Debra J. Saunders

Ditto Gov. Arnold Schwarzenegger, who twice vetoed same-sex marriage bills passed by the Legislature in deference to California voters who passed an earlier same-sex marriage statute in 2000.

But after Proposition 8 passed, both refused to defend the measure.

This month, after U.S. District Judge Vaughn Walker ruled that Proposition 8 is unconstitutional, both Brown and Schwarzenegger urged Walker to lift a stay on his ruling -- the will of the voters be damned. They didn't even want to wait for the appeals process to play out.

If Walker has his way, there may not be an appeal. Last week, the judge wrote that the proponents who represented the measure in his court may not have legal standing to appeal. That could mean that if Brown or Schwarzenegger do not intervene, no one will be in a position to challenge Walker's decision, which the Ninth U.S. Circuit Court of Appeals stayed late Monday.

Who will represent Proposition 8? Walker wrote, "(P)roponents may have little choice but to attempt to convince either the governor or the attorney general to file an appeal to ensure appellate jurisdiction."

The conservative website www.flashreport.org is working to push the governor to defend the measure. "You took an oath when you became governor to uphold the Constitution of this state, and that includes the duty to see that the law is faithfully executed, including the constitutional right of the people of this state to amend their Constitution by initiative," explained constitutional law expert John C. Eastman.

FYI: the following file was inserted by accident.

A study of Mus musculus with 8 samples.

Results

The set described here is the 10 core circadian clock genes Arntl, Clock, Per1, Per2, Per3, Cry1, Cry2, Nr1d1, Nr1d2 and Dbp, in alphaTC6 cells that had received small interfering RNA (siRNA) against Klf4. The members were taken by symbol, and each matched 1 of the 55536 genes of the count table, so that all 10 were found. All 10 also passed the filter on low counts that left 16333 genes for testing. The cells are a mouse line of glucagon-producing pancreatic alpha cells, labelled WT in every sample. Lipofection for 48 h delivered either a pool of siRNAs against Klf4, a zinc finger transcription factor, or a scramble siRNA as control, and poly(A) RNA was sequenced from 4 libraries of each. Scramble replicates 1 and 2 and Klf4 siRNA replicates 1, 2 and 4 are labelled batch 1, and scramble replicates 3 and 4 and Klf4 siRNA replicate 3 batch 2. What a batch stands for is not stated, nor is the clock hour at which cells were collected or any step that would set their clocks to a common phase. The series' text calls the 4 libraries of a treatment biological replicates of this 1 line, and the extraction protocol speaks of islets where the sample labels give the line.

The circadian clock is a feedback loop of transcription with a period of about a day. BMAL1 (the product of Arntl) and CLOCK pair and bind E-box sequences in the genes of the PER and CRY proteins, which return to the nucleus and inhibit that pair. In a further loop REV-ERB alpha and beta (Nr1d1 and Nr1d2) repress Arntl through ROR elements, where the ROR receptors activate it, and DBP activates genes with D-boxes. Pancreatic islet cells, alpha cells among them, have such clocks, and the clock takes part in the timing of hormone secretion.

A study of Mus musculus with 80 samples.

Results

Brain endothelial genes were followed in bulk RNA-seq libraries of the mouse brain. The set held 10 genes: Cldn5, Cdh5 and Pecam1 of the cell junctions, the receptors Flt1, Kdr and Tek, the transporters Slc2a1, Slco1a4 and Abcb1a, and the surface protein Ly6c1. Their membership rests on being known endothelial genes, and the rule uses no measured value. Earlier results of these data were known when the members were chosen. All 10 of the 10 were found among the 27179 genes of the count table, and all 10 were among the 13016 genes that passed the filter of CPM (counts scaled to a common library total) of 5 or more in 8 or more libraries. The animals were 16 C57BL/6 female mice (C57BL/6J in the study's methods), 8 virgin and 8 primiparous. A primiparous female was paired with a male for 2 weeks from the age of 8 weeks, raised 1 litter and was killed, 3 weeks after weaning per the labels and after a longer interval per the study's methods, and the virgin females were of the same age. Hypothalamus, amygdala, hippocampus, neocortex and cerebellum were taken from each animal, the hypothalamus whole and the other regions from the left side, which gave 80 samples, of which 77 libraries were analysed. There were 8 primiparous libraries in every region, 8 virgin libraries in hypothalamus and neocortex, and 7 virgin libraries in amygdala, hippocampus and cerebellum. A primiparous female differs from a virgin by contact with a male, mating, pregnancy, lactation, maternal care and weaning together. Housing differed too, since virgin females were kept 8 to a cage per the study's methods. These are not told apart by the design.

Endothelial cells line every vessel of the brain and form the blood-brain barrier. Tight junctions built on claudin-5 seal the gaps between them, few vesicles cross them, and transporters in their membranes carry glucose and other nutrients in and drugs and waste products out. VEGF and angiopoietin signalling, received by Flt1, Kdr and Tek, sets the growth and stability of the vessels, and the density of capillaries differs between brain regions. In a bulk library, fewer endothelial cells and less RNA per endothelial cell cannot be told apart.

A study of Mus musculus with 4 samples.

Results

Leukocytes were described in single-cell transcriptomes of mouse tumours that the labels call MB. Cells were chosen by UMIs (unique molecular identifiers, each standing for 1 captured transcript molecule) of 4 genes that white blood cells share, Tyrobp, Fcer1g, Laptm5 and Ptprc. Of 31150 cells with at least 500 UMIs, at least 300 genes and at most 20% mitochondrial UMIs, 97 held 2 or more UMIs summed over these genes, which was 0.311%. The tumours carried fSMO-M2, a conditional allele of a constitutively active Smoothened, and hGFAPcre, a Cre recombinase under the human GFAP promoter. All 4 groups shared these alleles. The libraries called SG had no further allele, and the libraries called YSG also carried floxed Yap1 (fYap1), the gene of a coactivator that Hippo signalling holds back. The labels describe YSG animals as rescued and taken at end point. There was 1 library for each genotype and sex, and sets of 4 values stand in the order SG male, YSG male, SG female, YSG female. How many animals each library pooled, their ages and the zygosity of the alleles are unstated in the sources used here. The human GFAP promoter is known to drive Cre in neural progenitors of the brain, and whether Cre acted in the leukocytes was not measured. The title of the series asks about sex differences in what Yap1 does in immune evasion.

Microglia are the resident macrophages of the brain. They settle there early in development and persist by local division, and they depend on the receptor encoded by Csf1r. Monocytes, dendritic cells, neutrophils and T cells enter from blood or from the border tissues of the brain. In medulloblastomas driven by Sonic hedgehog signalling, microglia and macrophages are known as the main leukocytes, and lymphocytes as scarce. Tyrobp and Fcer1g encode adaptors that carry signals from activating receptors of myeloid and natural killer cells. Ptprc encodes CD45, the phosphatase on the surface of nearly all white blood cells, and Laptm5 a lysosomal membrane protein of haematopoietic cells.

The heat, however, really should be on Brown, who now is running for governor. As AG, it's Brown's job to represent the people in court.

As former state attorney general and now Rep. Dan Lungren, R-Gold River, put it, "I defended laws that I voted against. That was my obligation. You do your best job. You try to find the best arguments that you can, irrespective of the subject matter."

If you don't want to do that, then don't run for the office.

Kevin Spillane, spokesman for Republican attorney general nominee Steve Cooley, said his candidate believes, "Unless something is blatantly unconstitutional, it is the responsibility of the attorney general to uphold the will of the people ... through the initiative process and the legislative process. The personal feelings, philosophy or the agenda of the occupant of the office shouldn't be imposed." (Democratic AG nominee Kamala Harris agrees with Brown.)

Sterling Clifford, Brown's campaign spokesman, told me that Brown decided not to defend the measure because "The attorney general's job is to make sure that California stays within the confines of the U.S. Constitution."

And: "To say that state resources should be used defending a law that no one thinks is constitutional, I don't think holds up."

Problem: The California Supreme Court upheld Proposition 8 by a 6-1 vote -- which tells you there's a lot of room for debate. At least, Brown could have hired outside lawyers to represent the voters if he found defending Proposition 8 so discomforting.

As it is, I don't know why Brown is running for governor. He doesn't seem to relish his responsibilities as the state's top lawman. Methinks what Brown really wants to be is a federal judge.